Research Article

Cloning and functional identification of a novel BCA3 splice

Published: December 18, 2014
Genet. Mol. Res. 13 (4) : 10648-10656 DOI: 10.4238/2014.December.18.7

Abstract

The human breast cancer-associated gene (BCA3) was first discovered in breast and prostate cancer cells lines. In vivo studies have shown that BCA3 is mainly expressed in breast tumor cells and not in normal breast and prostate tissues. To date, 3 splice variants of BCA3 have been reported: a double-absent variant lacking exon 3 and exon 5 (BCA3-1), an exon 3-absent variant (BCA3-2), and full-length BCA3. In this study, we investigated whether a novel BCA3 splice variant exists that lacks only the exon 5-encoding sequence. BCA3 variant splices were subcloned and sequenced using reverse transcription-polymerase chain reaction. The preliminary biological functions of the splices were identified using confocal microscopy and a luciferase assay. The absence of exon 3 and exon 5 influenced the subcellular localization of BCA3 and nuclear factor kappa B (NF-kB)-dependent gene expression. Exon 3 and exon 5 of BCA3 may function together to provide a nuclear localization signal or transport sequence to enter the nucleus, and exon 3 may contain specific sequence(s) or domain(s) that influence the NF-κB signal cascade. The discovery of novel BCA3 splicing indicates a new cancer research area, which may increase the understanding of cancer generation and development.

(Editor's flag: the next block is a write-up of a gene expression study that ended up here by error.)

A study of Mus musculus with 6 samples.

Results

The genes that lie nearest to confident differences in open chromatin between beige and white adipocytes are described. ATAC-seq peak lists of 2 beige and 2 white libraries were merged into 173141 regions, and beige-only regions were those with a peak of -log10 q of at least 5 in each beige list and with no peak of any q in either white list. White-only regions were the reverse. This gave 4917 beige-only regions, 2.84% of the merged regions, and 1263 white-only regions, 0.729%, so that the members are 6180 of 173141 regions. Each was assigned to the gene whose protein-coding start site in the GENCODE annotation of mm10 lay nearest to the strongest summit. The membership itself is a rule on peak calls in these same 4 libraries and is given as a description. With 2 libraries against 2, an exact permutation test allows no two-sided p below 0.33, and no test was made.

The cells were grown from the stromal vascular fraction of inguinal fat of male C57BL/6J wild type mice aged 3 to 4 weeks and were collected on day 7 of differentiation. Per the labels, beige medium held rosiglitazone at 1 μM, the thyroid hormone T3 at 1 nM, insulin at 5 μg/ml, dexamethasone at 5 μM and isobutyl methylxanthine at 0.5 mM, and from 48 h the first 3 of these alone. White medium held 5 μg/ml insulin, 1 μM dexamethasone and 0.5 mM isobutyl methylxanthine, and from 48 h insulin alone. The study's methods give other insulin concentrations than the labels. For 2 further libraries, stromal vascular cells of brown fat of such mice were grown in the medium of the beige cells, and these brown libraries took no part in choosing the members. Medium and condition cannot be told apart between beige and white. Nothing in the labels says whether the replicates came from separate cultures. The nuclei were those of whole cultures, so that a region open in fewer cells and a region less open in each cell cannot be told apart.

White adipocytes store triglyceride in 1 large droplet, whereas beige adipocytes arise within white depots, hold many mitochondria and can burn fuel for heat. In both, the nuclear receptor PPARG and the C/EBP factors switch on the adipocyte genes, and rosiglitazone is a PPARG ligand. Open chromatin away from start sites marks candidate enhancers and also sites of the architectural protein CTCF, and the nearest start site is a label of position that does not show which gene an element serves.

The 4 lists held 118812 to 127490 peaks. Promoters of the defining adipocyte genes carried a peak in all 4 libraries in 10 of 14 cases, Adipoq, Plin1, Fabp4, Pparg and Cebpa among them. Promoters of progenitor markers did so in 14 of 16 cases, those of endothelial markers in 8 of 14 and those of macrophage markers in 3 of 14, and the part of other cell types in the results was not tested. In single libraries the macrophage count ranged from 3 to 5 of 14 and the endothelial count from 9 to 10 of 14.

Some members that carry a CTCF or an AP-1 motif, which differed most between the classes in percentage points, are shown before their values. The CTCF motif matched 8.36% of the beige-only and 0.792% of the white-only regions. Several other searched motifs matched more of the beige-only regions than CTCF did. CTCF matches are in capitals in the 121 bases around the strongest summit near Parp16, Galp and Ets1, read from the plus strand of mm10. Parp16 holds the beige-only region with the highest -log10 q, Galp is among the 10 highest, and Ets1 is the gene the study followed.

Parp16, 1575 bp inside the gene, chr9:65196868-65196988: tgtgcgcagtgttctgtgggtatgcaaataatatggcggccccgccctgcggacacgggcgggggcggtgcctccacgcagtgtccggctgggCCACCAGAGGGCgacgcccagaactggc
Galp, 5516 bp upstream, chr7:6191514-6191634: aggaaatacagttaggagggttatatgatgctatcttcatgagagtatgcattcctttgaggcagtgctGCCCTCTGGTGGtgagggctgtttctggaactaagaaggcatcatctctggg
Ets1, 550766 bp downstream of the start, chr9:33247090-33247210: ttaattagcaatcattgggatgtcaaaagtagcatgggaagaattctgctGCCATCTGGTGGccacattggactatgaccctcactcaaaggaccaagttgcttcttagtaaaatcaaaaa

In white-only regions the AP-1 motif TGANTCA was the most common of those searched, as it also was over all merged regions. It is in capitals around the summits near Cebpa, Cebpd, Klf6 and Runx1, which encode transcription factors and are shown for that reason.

The human breast cancer-associated gene (BCA3) was first discovered in breast and prostate cancer cells lines. In vivo studies have shown that BCA3 is mainly expressed in breast tumor cells and not in normal breast and prostate tissues. To date, 3 splice variants of BCA3 have been reported: a double-absent variant lacking exon 3 and exon 5 (BCA3-1), an exon 3-absent variant (BCA3-2), and full-length BCA3. In this study, we investigated whether a novel BCA3 splice variant exists that lacks only the exon 5-encoding sequence. BCA3 variant splices were subcloned and sequenced using reverse transcription-polymerase chain reaction. The preliminary biological functions of the splices were identified using confocal microscopy and a luciferase assay. The absence of exon 3 and exon 5 influenced the subcellular localization of BCA3 and nuclear factor kappa B (NF-kB)-dependent gene expression. Exon 3 and exon 5 of BCA3 may function together to provide a nuclear localization signal or transport sequence to enter the nucleus, and exon 3 may contain specific sequence(s) or domain(s) that influence the NF-κB signal cascade. The discovery of novel BCA3 splicing indicates a new cancer research area, which may increase the understanding of cancer generation and development.